The noble lie is a concept originated by Plato as described in The Republic. However, the concept has far greater scope and has been used by many commentators to talk about much more modern issues in politics.
Plato’s ‘Noble Lie’, albeit arguably a notion of ideological propaganda, is often where the debate begins concerning ‘expertise’. Plato did not believe most people were clever enough to look after their own and society’s best interest, so the few ‘clever’ people of the world needed to lead the rest of the flock. Therefore, the idea was born that only the elite should know the truth in its complete form and the rulers, Plato said, must tell the people of the city ‘The Noble Lie’ to keep them passive and content, without the risk of upheaval and unrest.
Strauss noted that thinkers of the first rank, going back to Plato, had raised the problem of whether good and effective politicians could be completely truthful and still achieve the necessary ends of their society. By implication, Strauss asks his readers to consider whether it is true that noble lies have no role at all to play in uniting and guiding the people.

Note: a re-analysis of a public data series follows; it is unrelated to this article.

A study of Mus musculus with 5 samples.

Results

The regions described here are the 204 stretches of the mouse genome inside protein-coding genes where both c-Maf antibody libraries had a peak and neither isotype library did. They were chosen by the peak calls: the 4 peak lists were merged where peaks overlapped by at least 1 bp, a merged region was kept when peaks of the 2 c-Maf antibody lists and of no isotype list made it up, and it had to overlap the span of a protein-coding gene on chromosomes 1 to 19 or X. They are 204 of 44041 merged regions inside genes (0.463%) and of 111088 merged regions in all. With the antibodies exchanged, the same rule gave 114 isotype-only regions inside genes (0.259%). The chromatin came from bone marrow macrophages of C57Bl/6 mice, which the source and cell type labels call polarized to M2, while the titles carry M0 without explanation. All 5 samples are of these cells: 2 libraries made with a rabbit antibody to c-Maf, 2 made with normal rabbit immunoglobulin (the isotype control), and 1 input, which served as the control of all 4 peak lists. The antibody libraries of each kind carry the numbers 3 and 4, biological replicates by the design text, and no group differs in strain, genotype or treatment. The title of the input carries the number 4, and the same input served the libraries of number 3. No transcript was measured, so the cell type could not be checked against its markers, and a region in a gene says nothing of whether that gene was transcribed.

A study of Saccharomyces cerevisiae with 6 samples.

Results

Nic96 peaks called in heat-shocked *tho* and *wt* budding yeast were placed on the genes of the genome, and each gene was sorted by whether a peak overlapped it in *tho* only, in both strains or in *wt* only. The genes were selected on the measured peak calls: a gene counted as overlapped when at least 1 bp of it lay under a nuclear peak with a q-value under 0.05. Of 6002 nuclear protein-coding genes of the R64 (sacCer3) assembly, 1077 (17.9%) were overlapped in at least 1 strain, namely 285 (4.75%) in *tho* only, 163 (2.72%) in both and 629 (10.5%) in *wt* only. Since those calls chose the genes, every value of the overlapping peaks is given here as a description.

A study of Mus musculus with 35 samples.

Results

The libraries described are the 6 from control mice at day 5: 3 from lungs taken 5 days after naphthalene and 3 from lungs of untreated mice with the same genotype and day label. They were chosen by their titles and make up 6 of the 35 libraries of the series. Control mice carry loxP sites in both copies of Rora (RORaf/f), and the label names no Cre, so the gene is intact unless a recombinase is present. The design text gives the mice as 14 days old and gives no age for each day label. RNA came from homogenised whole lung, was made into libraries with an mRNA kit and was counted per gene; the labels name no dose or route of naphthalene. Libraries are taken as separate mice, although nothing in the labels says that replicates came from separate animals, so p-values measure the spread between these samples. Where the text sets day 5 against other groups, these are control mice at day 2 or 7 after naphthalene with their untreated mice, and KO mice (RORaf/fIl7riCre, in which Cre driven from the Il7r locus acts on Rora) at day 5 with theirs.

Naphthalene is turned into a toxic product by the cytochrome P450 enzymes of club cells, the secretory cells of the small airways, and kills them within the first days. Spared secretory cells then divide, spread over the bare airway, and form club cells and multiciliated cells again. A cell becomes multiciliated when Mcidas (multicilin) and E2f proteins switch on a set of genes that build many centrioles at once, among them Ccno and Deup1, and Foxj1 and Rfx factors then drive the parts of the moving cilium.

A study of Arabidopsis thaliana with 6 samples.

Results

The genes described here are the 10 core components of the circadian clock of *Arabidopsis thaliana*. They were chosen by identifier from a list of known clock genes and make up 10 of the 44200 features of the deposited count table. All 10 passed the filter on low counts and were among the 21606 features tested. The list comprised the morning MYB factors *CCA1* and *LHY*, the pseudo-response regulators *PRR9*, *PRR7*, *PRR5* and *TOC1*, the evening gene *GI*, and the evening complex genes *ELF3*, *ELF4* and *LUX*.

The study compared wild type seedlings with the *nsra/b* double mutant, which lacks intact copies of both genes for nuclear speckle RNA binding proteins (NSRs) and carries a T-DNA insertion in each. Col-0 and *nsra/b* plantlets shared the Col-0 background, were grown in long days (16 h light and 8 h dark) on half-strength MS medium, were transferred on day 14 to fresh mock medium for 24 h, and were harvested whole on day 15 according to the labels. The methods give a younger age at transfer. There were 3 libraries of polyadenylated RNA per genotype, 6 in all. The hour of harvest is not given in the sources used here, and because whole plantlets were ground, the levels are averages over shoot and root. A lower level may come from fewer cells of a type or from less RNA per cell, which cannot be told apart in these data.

Aristotle believed that politics should be a noble pursuit to which ethics is an introduction. The last chapter of the Nicomachean Ethics states “Since then our predecessors have left this matter of legislation uninvestigated, it will perhaps be better ourselves to inquire into it, and indeed into the whole question of the management of a state
Is it ok to lie to make people feel good about something, like the economy?